Many years ago, I worked as a VIP flight attendant for 17 different NBA teams, several NFL, NHL and MLB teams as well as some notable figures in the music and film industry. The NBA clientele included the Lakers, Spurs, Rockets, Mavericks, Kings, Nets, Timberwolves, Warriors, Clippers, Hawks, Suns, Celtics, Grizzlies, Pacers, 76’ers, Nuggets and Wizards

I met Kobe Bryant in 1998, his rookie year, and contrary to what many sports writers reported he was a fun-loving, easy-going member of the Lakers squad. Kobe spent a good amount of time writing rap lyrics. Once he deemed them perfected, he would participate in rhyme battles with his teammates. Granted that team was different from the championship Lakers – Nick Van Exel, Eddie Jones, and Elden Campbell were on the squad – still Kobe was a regular guy, as regular as anyone can be in L.A., swimming in the fish bowl known as the National Basketball Association.

After the arrival of Phil Jackson and the champs came into existence, Kobe became a bit more reserved, but it wasn’t all that significant. Hell, Robert Horry never sat or socialized in the players section, Shaq rarely, but Kobe was ever present, sitting in a row alone like he’d always done. In October of 2001 the Lakers met President Bush at the White House to celebrate their 2nd consecutive championship. On the return flight from Washington to L.A., I noticed Kobe was on his cell phone a little more than usual, sort of whispering. “You have a girlfriend,” I exclaimed. A scowl was his only response. This, from the same kid who three years before asked me if I knew any girls his age. “It’s a good thing” I said filling in the awkward silence. Three years had stripped him of his innocence and likely a great deal of his privacy.

I remember going out to an L.A. nightclub with two relatively obscure Denver Nuggets players around that same time. No one knew their names but their 6’10 foot frames gave a clue to their occupations. Like buzzards, men and women alike gawked, hovered, and ultimately made contact. It didn’t matter that no one knew who the hell they were. It was really weird and kind of scary at the same time. The rookie, who eventually became a veteran with the Orlando Magic, was shaken.  Because some people don’t allow them private moments, many players don’t go out. A woman at the bar made some kind of flirtatious overture when she thought I and the other woman accompanying us were not looking. The male fans were even worse, more talkative and persistent.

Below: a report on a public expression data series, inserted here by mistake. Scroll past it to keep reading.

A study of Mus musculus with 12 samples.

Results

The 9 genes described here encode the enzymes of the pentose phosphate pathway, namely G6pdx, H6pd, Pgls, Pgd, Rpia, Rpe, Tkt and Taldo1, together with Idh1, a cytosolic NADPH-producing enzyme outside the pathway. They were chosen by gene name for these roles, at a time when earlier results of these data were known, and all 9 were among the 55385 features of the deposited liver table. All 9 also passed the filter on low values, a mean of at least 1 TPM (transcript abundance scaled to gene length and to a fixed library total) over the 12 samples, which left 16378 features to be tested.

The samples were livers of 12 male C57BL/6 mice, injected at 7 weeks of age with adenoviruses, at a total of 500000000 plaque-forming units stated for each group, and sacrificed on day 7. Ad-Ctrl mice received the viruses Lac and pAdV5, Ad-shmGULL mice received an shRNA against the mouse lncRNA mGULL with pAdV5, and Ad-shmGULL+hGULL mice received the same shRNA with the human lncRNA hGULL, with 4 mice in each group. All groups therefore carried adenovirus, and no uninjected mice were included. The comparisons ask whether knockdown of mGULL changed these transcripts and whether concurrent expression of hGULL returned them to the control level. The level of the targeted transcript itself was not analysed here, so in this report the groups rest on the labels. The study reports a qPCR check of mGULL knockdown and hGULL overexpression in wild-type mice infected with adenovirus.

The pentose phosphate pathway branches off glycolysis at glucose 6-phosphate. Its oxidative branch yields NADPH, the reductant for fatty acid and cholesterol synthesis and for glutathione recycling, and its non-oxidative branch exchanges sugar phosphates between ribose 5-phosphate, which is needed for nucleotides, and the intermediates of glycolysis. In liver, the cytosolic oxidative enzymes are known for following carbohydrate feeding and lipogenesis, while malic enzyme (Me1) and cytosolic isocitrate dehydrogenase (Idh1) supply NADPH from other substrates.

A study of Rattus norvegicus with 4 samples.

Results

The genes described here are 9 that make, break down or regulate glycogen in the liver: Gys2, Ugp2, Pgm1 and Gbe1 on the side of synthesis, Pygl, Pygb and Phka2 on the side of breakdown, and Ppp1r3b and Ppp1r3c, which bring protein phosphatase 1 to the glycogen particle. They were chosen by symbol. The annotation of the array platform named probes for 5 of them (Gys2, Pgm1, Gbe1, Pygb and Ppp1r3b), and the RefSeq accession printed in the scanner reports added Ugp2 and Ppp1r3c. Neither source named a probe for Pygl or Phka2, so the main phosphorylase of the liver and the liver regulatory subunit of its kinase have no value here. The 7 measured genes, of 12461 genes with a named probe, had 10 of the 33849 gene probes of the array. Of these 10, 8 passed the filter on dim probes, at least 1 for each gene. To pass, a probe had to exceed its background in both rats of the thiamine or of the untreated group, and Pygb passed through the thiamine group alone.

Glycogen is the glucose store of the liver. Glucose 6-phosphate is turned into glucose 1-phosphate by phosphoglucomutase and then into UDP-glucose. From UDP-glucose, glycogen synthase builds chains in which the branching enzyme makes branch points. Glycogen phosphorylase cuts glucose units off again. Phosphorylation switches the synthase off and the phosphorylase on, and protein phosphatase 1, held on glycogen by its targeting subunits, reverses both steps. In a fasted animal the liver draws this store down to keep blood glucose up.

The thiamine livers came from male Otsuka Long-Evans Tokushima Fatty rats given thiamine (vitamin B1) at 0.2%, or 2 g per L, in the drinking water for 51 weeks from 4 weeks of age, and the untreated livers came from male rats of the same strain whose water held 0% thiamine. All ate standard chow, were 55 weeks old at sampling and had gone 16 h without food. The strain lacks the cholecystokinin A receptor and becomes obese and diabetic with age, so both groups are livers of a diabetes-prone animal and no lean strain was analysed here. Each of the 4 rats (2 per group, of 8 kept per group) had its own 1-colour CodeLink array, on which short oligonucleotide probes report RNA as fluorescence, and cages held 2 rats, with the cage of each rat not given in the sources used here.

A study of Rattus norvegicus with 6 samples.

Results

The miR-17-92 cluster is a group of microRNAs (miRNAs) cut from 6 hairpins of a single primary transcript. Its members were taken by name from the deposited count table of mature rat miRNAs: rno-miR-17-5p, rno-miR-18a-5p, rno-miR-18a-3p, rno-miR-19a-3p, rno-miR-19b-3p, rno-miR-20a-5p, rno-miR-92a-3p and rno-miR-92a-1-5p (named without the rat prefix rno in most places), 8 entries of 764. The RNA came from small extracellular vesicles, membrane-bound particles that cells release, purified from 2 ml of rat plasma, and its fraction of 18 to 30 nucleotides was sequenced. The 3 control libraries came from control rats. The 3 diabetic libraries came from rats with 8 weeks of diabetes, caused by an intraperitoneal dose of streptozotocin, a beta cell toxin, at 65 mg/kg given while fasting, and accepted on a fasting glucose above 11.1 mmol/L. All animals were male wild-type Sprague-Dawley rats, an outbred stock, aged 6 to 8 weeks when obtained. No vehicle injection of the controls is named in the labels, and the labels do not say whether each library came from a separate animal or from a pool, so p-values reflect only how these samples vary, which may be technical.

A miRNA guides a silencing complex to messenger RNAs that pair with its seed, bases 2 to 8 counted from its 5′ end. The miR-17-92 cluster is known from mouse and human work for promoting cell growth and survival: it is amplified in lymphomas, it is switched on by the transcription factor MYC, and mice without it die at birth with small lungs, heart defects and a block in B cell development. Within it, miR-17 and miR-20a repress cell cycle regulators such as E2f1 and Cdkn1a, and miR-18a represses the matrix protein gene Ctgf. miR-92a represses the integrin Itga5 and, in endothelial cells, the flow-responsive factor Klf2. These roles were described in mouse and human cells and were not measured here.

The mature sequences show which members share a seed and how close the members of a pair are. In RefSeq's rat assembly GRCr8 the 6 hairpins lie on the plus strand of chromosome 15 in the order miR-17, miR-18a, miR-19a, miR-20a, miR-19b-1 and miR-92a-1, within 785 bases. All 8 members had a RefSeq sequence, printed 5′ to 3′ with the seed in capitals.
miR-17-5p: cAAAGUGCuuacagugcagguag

During the NBA All-Star weekend in 2002 in Washington D.C. a friend told me he drove to the party he was supposed to be hosting and just kept going – he just didn’t feel up to being in a crowd. In public, players are subject to the will of the fans. Yet, if pressed I think most would choose notoriety over a life of obscurity any day. Kobe certainly had a right to keep a romance private, but I, perhaps unlike some others, truly didn’t have any vested interest or ulterior motive. Not long that after that flight, he announced he was engaged.

I may have, but I don’t remember ever seeing Kobe again – I moved away from Los Angeles thus I began to travel with different teams, but my memories of him were of a bright, sweet, young man. Seeing the photos of him, his beautiful daughter and the seven others who perished last week flooding social media is so painful for me, I simply cannot fathom what their families and close friends are experiencing. God bless them all at this most difficult time. I chose this recipe because in life we must accept the bitter along with the sweet.

Citrus Custard Cream Pie

  • 1 1/2 Organic Graham Cracker Crumbs (approx. 8 Crackers)
  • 3 Organic Egg Yolks
  • 1 14 ounce can Organic Sweetened Condensed Milk
  • 1 Pat of Organic Salted Buttter
  • 1/3 Cup Melted Organic Salted Butter
  • 3/4 Cup Fresh Squeezed Lemon and Pink Grapefruit Juice
  • 1/4 Cup Organic Demerara Sugar
  • 1 Pint Organic Heavy Whipping Cream
  • 1 1/2 Tbs. Organic Agave Syrup
  • A Pinch of Organic Thyme

Preheat the oven to 350 degrees. With the pat of butter, grease a 9 1/2 inch pie pan. Melt the butter and mix into the graham cracker crumbs along with the sugar completely incorporating the components. Press the crumb mixture into the pie pan carefully making sure it adheres. Set aside. Separate the yolks from the egg whites and combine with the condensed milk and citrus juice. Pour mixture into pie crust and bake for 15 minutes. Remove from the oven, let cool and place pie in the refrigerator to chill. Once pie is chilled, combine the whipping cream, agave and thyme in a mixing bowl and whip with a hand mixer until the cream becomes stiff. Top pie with the whipped cream. Serves 10-16.